Experimental drug shrinks lung cancer tumours in mice
Tumours formed from lung cancer cells completely disappeared in mice treated with an experimental drug, US scientists say.
"The profound effect on tumour growth in mice shows that switching off TOPK could be a promising approach for treating some cancers in the future" - Professor Peter Parker, Cancer Research UK
Researchers from the University of Chicago also found that certain side-effects linked to the drug, called OTS964, could be avoided when the treatment was delivered using a particular method.
The drug switches off the TOPK protein, which is thought to promote tumour growth in a number of human cancers, including lung and breast.
Study author Professor Yusuke Nakamura said TOPK appears to play an important role in the growth of cancer cells.
"Without TOPK the cells can't seem to divide,” he said.
“Instead they remain tethered by a tiny bridge. When that finally breaks apart, they can't close the membrane. Everything within the cells spills out, they suffer and then die."
In attempt to find a potential new drug to block TOPK, the researchers looked at 300,000 chemicals, producing over 1,000 of the most promising compounds – one of which was developed into OTS964.
Following encouraging results in cancer cells grown in the laboratory, the researchers assessed how effective the experimental treatment was in mice carrying tumours made up of human lung cancer cells.
They administered the drug intravenously to six mice, twice a week for three weeks. And according to their findings published in the journal Science Translation Medicine, the team observed rapid tumour shrinkage, which continued even after treatment stopped. In five of the six mice, the tumours completely disappeared.
But when the scientists initially administered the drug it was found to disrupt the processes that control how blood cells are made, causing side-effects that included anaemia and increased risk of infection.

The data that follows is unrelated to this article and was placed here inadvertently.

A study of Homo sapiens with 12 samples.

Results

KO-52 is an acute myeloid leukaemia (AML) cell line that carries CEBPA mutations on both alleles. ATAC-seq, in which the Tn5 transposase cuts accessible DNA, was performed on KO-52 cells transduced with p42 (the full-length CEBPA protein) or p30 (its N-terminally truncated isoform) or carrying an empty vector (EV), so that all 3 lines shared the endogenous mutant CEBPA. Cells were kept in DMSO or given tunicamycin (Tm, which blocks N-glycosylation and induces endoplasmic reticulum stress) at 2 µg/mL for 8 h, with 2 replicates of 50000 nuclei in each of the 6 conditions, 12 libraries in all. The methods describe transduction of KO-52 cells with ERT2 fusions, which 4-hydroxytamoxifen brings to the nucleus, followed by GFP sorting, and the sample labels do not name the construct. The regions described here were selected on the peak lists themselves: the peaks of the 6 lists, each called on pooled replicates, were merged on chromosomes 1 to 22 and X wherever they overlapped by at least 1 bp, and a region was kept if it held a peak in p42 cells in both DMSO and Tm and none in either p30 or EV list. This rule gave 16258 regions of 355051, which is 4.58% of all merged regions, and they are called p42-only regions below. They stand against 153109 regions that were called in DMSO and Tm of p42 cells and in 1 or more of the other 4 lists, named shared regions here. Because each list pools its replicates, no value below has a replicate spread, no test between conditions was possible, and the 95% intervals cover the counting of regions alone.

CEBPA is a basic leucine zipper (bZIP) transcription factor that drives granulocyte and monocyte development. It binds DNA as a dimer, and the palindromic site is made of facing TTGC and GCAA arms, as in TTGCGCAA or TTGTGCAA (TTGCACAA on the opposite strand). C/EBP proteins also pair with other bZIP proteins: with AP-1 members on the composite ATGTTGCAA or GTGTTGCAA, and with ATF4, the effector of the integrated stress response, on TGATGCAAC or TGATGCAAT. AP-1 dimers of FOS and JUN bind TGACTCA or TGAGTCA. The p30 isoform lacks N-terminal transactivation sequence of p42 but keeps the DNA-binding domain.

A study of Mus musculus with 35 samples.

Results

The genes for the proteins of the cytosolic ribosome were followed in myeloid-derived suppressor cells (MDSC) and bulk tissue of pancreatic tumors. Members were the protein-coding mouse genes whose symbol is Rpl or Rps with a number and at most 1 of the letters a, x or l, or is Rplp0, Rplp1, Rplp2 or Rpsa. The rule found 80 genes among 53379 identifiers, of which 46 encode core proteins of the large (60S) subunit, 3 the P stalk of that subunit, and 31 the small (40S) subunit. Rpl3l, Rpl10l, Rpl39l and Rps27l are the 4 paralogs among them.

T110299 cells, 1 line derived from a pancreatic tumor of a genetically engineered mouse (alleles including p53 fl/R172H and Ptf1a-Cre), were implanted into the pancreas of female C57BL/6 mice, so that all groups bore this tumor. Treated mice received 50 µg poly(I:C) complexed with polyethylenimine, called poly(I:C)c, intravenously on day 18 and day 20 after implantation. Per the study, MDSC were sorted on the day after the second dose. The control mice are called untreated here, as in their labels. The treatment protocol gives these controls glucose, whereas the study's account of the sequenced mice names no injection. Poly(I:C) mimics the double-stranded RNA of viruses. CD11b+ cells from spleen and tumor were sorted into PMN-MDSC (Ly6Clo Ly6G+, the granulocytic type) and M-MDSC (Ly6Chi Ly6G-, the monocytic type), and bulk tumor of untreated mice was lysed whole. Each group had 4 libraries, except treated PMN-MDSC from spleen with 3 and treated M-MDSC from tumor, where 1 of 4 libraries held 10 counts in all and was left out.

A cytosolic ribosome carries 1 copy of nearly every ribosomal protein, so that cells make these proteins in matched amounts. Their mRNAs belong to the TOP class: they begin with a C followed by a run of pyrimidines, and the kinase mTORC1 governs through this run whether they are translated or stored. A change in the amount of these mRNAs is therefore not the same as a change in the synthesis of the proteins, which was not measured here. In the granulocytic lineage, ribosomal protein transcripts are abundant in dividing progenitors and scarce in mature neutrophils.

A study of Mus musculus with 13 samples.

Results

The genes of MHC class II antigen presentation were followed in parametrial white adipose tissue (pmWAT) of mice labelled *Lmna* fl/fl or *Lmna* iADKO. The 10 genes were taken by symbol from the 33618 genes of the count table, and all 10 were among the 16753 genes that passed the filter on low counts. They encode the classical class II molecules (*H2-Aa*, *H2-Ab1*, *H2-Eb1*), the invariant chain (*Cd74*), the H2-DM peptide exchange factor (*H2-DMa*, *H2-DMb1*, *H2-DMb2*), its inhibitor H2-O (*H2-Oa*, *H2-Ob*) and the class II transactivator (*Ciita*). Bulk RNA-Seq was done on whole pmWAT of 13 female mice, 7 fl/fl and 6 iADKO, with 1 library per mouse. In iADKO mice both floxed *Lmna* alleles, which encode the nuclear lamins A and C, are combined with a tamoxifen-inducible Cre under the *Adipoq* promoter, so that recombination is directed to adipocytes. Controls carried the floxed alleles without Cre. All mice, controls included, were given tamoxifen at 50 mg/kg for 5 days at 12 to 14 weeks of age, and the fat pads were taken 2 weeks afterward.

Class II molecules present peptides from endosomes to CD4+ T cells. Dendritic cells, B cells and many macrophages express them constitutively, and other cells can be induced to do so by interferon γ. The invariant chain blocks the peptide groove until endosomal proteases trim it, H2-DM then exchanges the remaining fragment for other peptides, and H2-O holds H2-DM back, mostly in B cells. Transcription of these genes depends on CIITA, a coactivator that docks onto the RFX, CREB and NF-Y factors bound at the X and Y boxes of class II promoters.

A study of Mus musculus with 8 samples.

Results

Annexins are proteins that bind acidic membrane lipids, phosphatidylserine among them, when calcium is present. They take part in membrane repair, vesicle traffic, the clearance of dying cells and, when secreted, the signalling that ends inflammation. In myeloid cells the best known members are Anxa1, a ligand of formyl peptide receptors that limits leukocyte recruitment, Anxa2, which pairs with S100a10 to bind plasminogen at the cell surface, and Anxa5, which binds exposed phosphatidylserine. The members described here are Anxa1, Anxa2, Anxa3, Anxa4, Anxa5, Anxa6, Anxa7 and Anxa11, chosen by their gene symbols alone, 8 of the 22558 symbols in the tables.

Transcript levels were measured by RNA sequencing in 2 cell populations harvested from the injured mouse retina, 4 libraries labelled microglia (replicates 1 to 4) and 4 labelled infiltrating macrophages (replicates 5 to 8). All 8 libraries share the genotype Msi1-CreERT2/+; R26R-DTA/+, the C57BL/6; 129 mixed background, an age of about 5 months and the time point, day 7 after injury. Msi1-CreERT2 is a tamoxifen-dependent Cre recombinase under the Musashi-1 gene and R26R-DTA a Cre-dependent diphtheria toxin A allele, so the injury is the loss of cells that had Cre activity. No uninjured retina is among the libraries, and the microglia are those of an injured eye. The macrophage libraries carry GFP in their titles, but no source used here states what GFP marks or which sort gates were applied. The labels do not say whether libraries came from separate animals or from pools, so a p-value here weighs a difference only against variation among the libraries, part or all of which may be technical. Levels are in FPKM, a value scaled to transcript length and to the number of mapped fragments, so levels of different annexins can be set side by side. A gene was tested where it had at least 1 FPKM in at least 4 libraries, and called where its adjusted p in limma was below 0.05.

To combat this, the drug was placed in tiny bubbles made out of the same material as a cell membrane, and administered using an injection.
These bubbles, known as liposomes, were found to work just as well as the initial injections of the drug with none of the blood-related side-effects.
Experts welcomed the promising findings of the study, but cautioned that more research will be needed before its effectiveness as a treatment for cancer in humans can be fully assessed.
Professor Peter Parker, a Cancer Research UK expert in cell signalling, said: “The findings of this early stage study are interesting, and the profound effect on tumour growth in mice shows that switching off TOPK could be a promising approach for treating some cancers in the future. But so far the results have only been shown in cells grown in the lab and in mice, leaving a number of questions unanswered.
“Piecing together the finer details of how TOPK controls cell division, and the consequences of switching it off, will be crucial before this potential new drug can be taken further into clinical trials.”
While this study primarily involved lung cancers, genetic analyses have linked the TOPK gene to breast, brain, liver, bladder and other solid tumours as well as certain types of leukaemia. Researchers have therefore speculated that the protein may also be a good drug target for these additional types of cancer.
The team behind this latest study are now working with oncologists at the university to begin a phase-1 clinical trial of OTS964 by the autumn of 2015.